The false position algorithm, also known as the regula falsi method, is a root-finding algorithm that uses linear interpolation to approximate the root of a given function. It is a bracketing method, which means that it requires an initial interval containing the root. The algorithm is commonly used in engineering, physics, and other scientific fields to solve equations that cannot be solved analytically.


let false_pos ?(max_iter = 1000) ?(xtol = 1e-6) f a b =
  let fa = f a in
  let fb = f b in
  let error () =
    let s = Printf.sprintf "f(a) *. f(b) = %g *. %g should be negative." fa fb in
    Owl_exception.INVALID_ARGUMENT s
  Owl_exception.verify (fa *. fb < 0.) error;
  if fa = 0.
  then a
  else if fb = 0.
  then b
  else (
    let xa, xb, fa, fb =
      match fa < 0. with
      | true  -> ref a, ref b, ref fa, ref fb
      | false -> ref b, ref a, ref fb, ref fa
    let x = ref infinity in
    let e = ref infinity in
      for _i = 1 to max_iter do
        let d = !xb -. !xa in
        x := !xa +. (d *. !fa /. (!fa -. !fb));
        let fc = f !x in
        if fc < 0.
        then (
          e := !xa -. !x;
          xa := !x;
          fa := fc)
        else (
          e := !xb -. !x;
          xb := !x;
          fb := fc);
        assert (abs_float !e >= xtol && fc != 0.)
    | _ -> !x)

The false position algorithm is implemented in OCaml in the code above. The function false_pos takes as input a function f and two initial guesses a and b. The optional arguments max_iter and xtol specify the maximum number of iterations and the tolerance for the solution, respectively. The function returns an approximation of the root of f within the interval [a,b].

Step-by-step Explanation

  1. Verify that the function f changes sign between a and b. If not, raise an error.
  2. If f(a) = 0, return a.
  3. If f(b) = 0, return b.
  4. Choose the interval endpoints xa and xb such that f(xa) < 0 and f(xb) > 0.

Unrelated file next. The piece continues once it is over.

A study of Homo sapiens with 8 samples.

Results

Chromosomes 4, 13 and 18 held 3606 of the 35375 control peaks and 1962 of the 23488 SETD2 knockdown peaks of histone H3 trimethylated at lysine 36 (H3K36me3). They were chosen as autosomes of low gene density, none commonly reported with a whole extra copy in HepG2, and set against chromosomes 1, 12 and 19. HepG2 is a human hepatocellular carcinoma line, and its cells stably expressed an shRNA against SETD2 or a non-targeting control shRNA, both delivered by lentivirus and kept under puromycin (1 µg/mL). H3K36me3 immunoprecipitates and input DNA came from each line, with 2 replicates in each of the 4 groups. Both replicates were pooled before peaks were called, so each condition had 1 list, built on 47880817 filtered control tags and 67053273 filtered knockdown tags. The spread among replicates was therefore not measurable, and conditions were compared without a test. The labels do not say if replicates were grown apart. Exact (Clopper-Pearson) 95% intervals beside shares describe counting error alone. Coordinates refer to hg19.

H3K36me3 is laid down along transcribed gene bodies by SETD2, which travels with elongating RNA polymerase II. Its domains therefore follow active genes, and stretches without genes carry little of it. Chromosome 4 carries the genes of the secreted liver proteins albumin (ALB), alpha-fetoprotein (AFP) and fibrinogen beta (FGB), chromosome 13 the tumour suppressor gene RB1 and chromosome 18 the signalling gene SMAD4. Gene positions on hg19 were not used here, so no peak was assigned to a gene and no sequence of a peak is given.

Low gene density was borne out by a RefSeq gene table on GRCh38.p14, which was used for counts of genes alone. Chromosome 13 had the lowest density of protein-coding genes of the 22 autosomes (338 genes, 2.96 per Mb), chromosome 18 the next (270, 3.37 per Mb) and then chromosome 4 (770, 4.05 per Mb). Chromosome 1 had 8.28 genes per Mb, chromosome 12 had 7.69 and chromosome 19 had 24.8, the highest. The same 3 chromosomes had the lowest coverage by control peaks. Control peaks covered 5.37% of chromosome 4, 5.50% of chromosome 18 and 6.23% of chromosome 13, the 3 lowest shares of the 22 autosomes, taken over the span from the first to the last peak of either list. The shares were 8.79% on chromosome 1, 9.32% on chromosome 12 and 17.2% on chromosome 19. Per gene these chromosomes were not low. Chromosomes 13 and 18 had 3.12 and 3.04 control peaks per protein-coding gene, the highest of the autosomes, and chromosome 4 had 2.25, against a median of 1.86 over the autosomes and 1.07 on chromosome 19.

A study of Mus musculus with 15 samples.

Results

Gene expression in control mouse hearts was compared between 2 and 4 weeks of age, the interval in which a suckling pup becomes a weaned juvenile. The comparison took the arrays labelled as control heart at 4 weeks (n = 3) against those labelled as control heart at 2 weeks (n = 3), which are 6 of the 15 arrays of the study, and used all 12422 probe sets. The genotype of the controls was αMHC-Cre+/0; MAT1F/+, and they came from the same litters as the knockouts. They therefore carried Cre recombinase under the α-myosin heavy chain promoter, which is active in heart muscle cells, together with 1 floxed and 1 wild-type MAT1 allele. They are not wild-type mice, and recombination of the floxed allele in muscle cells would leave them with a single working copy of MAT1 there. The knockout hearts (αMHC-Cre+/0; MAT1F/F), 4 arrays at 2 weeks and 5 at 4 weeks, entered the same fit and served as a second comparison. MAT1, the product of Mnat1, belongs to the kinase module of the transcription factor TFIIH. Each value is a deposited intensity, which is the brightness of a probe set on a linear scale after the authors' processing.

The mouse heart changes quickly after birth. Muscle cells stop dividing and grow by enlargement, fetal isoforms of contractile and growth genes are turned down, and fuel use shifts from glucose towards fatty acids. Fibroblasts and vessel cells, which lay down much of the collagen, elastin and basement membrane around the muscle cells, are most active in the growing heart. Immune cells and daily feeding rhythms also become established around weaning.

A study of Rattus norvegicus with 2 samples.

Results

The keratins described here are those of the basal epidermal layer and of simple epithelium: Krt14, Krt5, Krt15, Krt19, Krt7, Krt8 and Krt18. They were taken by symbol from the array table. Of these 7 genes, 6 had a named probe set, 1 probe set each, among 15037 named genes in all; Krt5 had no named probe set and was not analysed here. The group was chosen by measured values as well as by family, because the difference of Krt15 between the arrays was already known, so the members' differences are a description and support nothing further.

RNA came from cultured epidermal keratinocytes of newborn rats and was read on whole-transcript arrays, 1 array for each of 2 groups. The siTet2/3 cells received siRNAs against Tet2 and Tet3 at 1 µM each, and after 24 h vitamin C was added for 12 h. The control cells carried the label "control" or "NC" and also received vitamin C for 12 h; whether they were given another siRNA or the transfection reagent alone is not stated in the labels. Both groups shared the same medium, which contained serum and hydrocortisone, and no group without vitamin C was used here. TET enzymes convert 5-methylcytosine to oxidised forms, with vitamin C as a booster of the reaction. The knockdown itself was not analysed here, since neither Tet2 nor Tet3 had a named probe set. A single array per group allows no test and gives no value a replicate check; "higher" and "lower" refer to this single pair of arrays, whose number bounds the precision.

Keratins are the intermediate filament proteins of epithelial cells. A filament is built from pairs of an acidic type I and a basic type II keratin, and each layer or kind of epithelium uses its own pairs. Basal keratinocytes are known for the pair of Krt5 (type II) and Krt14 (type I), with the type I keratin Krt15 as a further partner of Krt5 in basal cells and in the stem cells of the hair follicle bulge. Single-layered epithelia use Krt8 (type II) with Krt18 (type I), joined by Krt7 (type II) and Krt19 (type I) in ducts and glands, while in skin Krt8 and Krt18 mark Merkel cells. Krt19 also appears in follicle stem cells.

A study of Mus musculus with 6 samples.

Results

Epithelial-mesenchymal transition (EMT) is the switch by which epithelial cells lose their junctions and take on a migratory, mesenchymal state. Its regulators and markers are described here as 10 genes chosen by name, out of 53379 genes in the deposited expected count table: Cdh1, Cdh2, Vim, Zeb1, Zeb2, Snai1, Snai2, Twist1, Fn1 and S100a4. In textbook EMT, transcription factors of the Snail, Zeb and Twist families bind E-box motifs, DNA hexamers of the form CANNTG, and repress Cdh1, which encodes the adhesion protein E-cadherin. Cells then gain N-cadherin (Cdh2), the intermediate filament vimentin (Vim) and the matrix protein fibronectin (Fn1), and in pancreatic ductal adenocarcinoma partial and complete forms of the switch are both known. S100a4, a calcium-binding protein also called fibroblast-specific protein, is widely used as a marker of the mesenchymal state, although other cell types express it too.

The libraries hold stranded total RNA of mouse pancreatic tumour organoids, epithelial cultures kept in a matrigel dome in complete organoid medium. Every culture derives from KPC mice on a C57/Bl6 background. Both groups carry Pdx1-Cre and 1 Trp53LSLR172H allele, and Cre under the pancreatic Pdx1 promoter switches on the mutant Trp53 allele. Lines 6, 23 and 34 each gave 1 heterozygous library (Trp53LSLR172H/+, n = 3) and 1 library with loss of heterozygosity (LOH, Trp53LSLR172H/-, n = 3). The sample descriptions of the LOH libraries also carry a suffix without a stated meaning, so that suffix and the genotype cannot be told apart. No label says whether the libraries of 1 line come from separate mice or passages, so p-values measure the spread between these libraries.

5. Initialize x to infinity and e to infinity.
  6. Repeat the following steps until the maximum number of iterations is reached or the solution is within the tolerance:
    • Compute the new estimate of the root x using linear interpolation:
      x = xa - (f(xa) * (xb - xa)) / (f(xb) - f(xa))  
    • Evaluate the function f at x.
    • If f(x) < 0, update xa, fa, and e:
      xa = x  
      fa = f(xa)  
      e = xa - xb  
    • If f(x) > 0, update xb, fb, and e:
      xb = x  
      fb = f(xb)  
      e = xb - xa  
    • Check if the solution is within the tolerance:
      |e| >= xtol && f(x) != 0  
  7. Return the final estimate of the root x.

Complexity Analysis

The false position algorithm is guaranteed to converge to a root of a continuous function if the initial interval contains the root and the function is continuous and changes sign within the interval. The rate of convergence is linear, which means that the error decreases at a rate proportional to the error of the previous iteration. The algorithm is also sensitive to the choice of the initial interval, and may converge slowly or not at all if the interval is not well-chosen.

The time complexity of the false position algorithm is proportional to the maximum number of iterations max_iter specified by the user. The choice of max_iter depends on the desired accuracy of the solution and the complexity of the function f. The space complexity of the algorithm is constant, as it only requires a small number of variables to store the current estimates of the root and the function values.